So much to see... So little time …

Island park is a mountainous recreational community sitting inside a large caldera formed in prehistoric times.
With miles of fishing streams, lakes, hiking and other outdoor recreation opportunities.  The Henry's Fork of the Snake River is
world-famous for fly fishing.  Drive the beautiful Mesa Falls Scenic Byway or visit Historic Harriman State Park.  Most of all don't forget Yellowstone and Grand Teton National Parks. Your options are endless.

Harriman State Park

The site of the old Railroad Ranch, this state park, a gift to Idaho's Citizens from the Harriman family, is also a wildlife preserve, home to trumpeter swans, elk, moose, grizzly bear, sand hill cranes and more.  The Henry's Fork of the Snake River meanders through the park, and is world famous for its catch and release fly-fishing.  Enjoy hiking the many miles of trails, take a horseback trail ride and have a picnic lunch while visiting.

Henry's Fork of the Snake River

One of the most famous fly fishing rivers in the world is within walking distance of Grandma's Cabin.  Know as one of the finest trout streams in the lower 48 states and offers some of the best dry fly-fishing in the Country.  Anglers can hire superior outfitting and guide services right in Last Chance.  Guides are skilled in challenging the experienced angler or providing lessons to beginner fly-fishermen and women.

Island Park Caldera

Island Park is actually the world’s largest crater, 23 miles in diameter, created from a volcano which collapsed in prehistoric times. Now covered in a dense forest of pine and wildflowers, it is a Mecca for hiking & fishing in summer.  Use the Island Park driving tour located in Grandma’s book case and explore this wonderful area.

Big Springs & National Water Trail

This spring produces over 120 million gallons of water each day and is  a Natural National Landmark, is one of the 40 largest natural springs in the world. The springs create the headwaters of the Henry’s Fork of the Snake River creating the spectacular scenery at Upper and Lower Mesa Falls.  With a constant temperature of 52 degrees and protected from fishing the spring supports enormous rainbow trout, a resident muskrat, ducks, moose and deer. It is not unusual to see osprey and eagles dive for a meal of fresh fish from the springs.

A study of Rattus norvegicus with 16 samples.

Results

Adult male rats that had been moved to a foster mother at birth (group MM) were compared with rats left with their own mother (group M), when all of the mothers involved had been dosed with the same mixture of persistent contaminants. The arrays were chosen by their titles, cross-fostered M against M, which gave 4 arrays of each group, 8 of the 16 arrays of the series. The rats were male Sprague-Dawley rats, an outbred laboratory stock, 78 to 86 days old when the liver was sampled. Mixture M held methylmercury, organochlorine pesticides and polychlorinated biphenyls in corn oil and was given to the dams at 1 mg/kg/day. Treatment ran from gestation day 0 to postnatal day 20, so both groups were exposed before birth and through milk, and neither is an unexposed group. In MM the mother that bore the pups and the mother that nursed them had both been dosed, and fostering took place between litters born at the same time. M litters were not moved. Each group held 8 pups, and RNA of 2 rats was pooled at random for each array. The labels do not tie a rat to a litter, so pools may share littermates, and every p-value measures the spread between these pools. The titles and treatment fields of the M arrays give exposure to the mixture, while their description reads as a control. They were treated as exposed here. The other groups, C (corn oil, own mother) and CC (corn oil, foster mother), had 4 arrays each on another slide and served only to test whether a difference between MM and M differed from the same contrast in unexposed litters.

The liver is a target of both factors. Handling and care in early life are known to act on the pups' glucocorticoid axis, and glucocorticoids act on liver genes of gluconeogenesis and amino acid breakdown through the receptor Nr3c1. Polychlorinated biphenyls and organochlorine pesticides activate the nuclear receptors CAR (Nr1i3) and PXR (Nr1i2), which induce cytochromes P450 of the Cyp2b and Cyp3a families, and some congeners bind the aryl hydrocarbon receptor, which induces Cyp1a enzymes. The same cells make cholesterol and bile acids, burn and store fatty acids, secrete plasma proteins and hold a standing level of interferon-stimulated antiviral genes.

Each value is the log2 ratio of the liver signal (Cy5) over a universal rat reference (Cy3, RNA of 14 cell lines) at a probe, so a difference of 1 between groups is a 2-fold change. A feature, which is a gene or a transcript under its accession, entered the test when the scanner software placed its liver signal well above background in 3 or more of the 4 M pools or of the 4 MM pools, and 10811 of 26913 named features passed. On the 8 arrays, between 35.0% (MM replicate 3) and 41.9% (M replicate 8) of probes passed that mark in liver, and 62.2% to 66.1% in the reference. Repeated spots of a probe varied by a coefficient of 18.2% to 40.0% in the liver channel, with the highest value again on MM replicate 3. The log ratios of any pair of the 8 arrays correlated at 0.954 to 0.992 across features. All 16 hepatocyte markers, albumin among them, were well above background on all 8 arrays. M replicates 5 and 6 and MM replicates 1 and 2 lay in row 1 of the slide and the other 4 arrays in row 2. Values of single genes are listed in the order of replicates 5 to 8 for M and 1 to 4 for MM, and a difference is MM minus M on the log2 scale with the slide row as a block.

Johnny Sack Cabin

The Johnny Sack Cabin, located at Big Springs, was placed on the on the National Register of Historic Places in 1984.  A short walk from the Big Springs bridge to the unique location and picturesque setting visitors admire the log and stone structure as well as the building's colorful creator. Today many of the individually hand crafted pieces of wood furniture remain in their original location.  Johnny's cabin and nearby water-wheel staffed by volunteers is available mid-June to Mid-September.

Island Park Reservoir

Island Park Reservoir which is formed by the Island Park Dam. Fishing for rainbow trout, cutthroat trout, coho salmon, yellow perch, and bluegill. Other recreational activities on the reservoir include boating, kayaking, canoeing and other water sports.

This large reservoir with five boat launch sites is popular for boating, fishing and water-skiing. The reservoir is situated above Box Canyon, which provides excellent fly-fishing opportunities and scenic float trips.

Upper and Lower Mesa Falls

Together form the largest undisturbed falls in the entire Columbia River System and just a few miles from Grandma's Cabin, the Henry's Fork of the Snake River plunges through a deep rocky canyon the upper falls drops 114 feet and and the lower drops 65 feet.  The upper falls is where the historic Big Falls Inn has been restored as a visitor center and the lower falls are easily viewed from an overlook along the Mesa Falls Scenic Byway.  The falls are protected from future hydroelectric development due to efforts of several organizations and concerned citizens.

Nature Conservancy Flat Ranch

The Flat Ranch Visitor's Center  is open to the public each summer and offers opportunities for fishing, easy hiking, an abundant amount of bird watching, and nature study.  We enjoy wild flowers there each year.

Sawtelle Peak Scenic Drive

This scenic drive that is a twelve-mile route that climbs to the top of the 9878-foot summit of Sawtelle Peak.  The route follows a well-conditioned gravel road.  From the summit, the views of the surrounding area are magnificent.  You will have views of Yellowstone National Park,  Henry’s Lake, the Madison Centennial Valleys in Montana and the Grand Tetons in Wyoming.  The FAA maintains the road and operates a flight traffic control radar station from the summit.  The road is accessible June 1st through October 31st.